Emotional intelligence has recently emerged as one of the most important skills needed to succeed in the modern workplace. While emotional intelligence, or EI, is a useful ability for just about anyone to have, nowhere is EI more critical than in today’s leaders.
Emotional intelligence is the ability to perceive, use, understand, and manage emotions in yourself and others. While it’s a relatively new concept first popularized in the 1990s, research in psychology has increasingly suggested that EI is an ability that can be improved over time, as opposed to a personality trait.
So what is it about the role of leadership that necessitates, even demands, strong emotional intelligence? Let’s think about the people who are most likely to earn positions of leadership. Typically, they excelled in their previous roles, and they were able to demonstrate strong enough performance to warrant promotion into a leadership role.
What this generally indicates is that people who are promoted into leadership are usually smart, have a lot of business knowledge about their subject matter, and demonstrate a great deal of technical skill. These qualities are all very important, but they don’t necessarily predict how well someone will perform as a leader. Leadership roles involve an entirely distinct set of responsibilities that would be wholly unfamiliar to a new manager – activities such as motivating a team, providing praise as well as criticism, managing conflict, and demonstrating empathy in acknowledging that each member of their team is a human being with a full life outside of work.
Being smart or technically skilled won’t necessarily help a manager excel. In fact, SHRM states that what distinguishes the best leaders from the mediocre ones ultimately comes down to emotional intelligence. Since most managers are already smart, EI is what takes their management skills to the next level. Why is that?
Well it turns out that emotional intelligence is related to a number of other critical qualities that make up a recipe for success. Here are just a few of the ways that emotionally intelligent leaders are better equipped to lead their teams to greatness:
They have greater self-awareness
Emotional intelligence is tied to your self-awareness. How aware are you of your current emotions and how those emotions might be coming off to others? While self-awareness may seem like a basic human quality, strong self-awareness is surprisingly rare. People ironically tend to overestimate how self-aware they are: according to research from the Harvard Business Review, 95% of people think they are self-aware, but only 10-15% are actually self-aware.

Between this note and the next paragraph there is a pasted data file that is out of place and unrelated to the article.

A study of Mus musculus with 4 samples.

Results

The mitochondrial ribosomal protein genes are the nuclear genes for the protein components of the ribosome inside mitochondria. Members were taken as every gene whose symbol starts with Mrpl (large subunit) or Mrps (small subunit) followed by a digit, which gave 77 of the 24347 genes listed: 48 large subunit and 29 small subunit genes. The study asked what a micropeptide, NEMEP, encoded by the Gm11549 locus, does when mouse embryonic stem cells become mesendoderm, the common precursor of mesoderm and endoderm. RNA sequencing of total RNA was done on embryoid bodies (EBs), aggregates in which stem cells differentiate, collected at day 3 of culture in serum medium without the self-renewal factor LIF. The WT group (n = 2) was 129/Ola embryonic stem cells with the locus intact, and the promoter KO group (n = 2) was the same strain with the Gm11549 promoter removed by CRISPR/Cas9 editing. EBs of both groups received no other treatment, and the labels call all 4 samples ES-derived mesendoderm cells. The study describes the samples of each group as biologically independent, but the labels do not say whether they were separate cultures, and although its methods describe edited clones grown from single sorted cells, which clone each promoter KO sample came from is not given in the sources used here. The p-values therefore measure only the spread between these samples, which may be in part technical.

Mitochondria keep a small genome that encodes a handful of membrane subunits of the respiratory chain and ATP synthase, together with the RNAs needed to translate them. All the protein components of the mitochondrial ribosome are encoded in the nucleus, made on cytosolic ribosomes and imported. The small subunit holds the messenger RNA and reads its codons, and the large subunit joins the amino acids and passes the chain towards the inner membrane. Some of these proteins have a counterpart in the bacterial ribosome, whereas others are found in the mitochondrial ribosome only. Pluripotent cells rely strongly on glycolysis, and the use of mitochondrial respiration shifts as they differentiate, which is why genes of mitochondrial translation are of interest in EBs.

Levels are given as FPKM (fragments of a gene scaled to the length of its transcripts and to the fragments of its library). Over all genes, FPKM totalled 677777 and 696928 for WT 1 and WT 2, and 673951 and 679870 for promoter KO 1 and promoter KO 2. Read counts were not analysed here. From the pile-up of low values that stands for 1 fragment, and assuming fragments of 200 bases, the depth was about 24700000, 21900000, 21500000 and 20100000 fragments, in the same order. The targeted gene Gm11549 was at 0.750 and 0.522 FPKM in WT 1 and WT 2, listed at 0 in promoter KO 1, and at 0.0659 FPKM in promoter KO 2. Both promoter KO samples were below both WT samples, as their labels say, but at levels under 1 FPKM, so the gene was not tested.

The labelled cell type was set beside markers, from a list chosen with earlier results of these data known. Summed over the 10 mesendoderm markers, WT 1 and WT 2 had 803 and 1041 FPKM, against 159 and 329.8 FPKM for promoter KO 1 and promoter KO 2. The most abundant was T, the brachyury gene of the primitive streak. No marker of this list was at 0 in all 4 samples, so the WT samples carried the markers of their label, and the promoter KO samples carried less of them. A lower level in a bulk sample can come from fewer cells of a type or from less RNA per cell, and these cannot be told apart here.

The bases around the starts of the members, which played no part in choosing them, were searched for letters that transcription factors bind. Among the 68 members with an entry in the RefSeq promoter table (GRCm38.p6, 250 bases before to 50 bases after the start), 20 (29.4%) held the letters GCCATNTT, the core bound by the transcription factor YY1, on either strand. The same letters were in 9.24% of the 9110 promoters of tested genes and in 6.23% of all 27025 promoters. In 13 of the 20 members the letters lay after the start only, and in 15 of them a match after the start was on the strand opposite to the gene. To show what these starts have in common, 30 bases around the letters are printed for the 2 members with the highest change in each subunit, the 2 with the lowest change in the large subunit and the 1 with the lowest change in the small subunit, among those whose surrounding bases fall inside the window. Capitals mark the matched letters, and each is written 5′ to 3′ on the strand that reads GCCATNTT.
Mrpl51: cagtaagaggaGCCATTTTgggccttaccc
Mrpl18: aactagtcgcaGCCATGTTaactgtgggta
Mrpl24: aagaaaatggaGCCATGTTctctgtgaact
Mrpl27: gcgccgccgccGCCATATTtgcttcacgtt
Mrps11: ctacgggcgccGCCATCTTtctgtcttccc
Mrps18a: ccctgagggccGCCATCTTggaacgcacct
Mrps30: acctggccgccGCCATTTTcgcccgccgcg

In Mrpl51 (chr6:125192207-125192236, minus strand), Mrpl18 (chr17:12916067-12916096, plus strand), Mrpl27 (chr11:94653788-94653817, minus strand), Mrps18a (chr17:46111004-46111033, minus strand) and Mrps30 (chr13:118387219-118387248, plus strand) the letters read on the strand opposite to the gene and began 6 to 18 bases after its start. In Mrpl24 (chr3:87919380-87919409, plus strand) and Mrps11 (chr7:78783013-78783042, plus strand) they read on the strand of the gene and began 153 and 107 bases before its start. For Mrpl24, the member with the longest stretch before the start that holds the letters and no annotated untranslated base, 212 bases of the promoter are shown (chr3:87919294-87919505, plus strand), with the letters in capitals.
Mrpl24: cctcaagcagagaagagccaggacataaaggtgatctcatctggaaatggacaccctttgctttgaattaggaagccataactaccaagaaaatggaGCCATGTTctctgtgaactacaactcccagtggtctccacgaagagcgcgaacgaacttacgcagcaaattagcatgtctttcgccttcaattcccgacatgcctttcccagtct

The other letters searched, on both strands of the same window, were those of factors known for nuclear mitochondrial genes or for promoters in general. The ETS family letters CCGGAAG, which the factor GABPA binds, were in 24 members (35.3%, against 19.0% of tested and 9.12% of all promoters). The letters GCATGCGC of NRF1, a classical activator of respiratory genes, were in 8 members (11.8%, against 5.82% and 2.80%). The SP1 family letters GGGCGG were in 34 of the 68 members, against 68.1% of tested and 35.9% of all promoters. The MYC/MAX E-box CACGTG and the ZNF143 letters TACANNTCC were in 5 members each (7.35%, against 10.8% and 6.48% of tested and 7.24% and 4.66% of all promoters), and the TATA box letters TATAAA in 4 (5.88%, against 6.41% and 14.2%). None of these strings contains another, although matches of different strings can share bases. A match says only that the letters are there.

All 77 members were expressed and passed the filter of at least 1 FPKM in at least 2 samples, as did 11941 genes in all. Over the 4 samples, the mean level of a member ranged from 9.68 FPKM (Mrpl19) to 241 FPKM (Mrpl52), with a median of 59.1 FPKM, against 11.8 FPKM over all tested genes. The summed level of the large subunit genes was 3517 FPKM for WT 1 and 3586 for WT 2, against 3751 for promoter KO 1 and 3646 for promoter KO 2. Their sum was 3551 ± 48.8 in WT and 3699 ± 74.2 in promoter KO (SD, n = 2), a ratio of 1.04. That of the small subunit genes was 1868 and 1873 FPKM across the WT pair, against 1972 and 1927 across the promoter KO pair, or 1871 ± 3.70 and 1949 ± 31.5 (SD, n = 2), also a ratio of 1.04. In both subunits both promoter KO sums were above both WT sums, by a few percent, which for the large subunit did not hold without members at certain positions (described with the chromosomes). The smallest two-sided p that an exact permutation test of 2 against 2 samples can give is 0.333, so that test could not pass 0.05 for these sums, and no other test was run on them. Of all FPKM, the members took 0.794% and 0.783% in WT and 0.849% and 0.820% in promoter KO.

The first step to harnessing emotional intelligence in the workplace is to simply be aware of yourself. Without that, you can’t expect to successfully understand or motivate others.
They are able to motivate their teams
Great leaders and managers are able to motivate their teams to achieve a common goal.
Motivation is complicated and often very personal to the individual. External motivators, such as compensation and benefits, are set by the structure of the organization. Internal motivators, such as the need for recognition, or the need to bond with coworkers, vary widely from person to person. Successful leaders can tap into these internal motivators by understanding what motivates each individual member of their team. From there, they can foster the environment needed to help the team do their best work. And it’s no surprise that the people who are best at this type of team motivation have strong emotional intelligence.
They drive employee engagement and job satisfaction
We’ve often heard that people don’t leave jobs, they leave managers. Whether this old adage is true or not, it’s a reality that poor management can contribute to an employee’s decision to leave an organization. A lot of these poor management skills can stem from a lack of emotional intelligence.
Perhaps an employee feels that their contributions aren’t being acknowledged; or a new colleague feels excluded from the social environment at work; maybe a new parent feels as if their need for flexible work is dismissed; or worse, an employee lodges a serious workplace complaint that gets ignored. These are all reasons that might drive a person to seek new employment but could also have been alleviated if the leader was able to demonstrate more awareness and empathy.
On the flip side, a keyed-in manager who gets to know what motivates their employees, understands their needs, and listens when conflicts arise can actually drive better engagement for the team. This ultimately increases a feeling of connectedness to the organization and actively discourages people from thinking about finding a new job.
To conclude, today’s emerging leaders need to have strong emotional intelligence if they want to truly excel. Modern workplaces are more diverse, more technology-driven, and more attentive to the changing world around them. Emotionally intelligent leaders will have the advantage in driving their teams forward.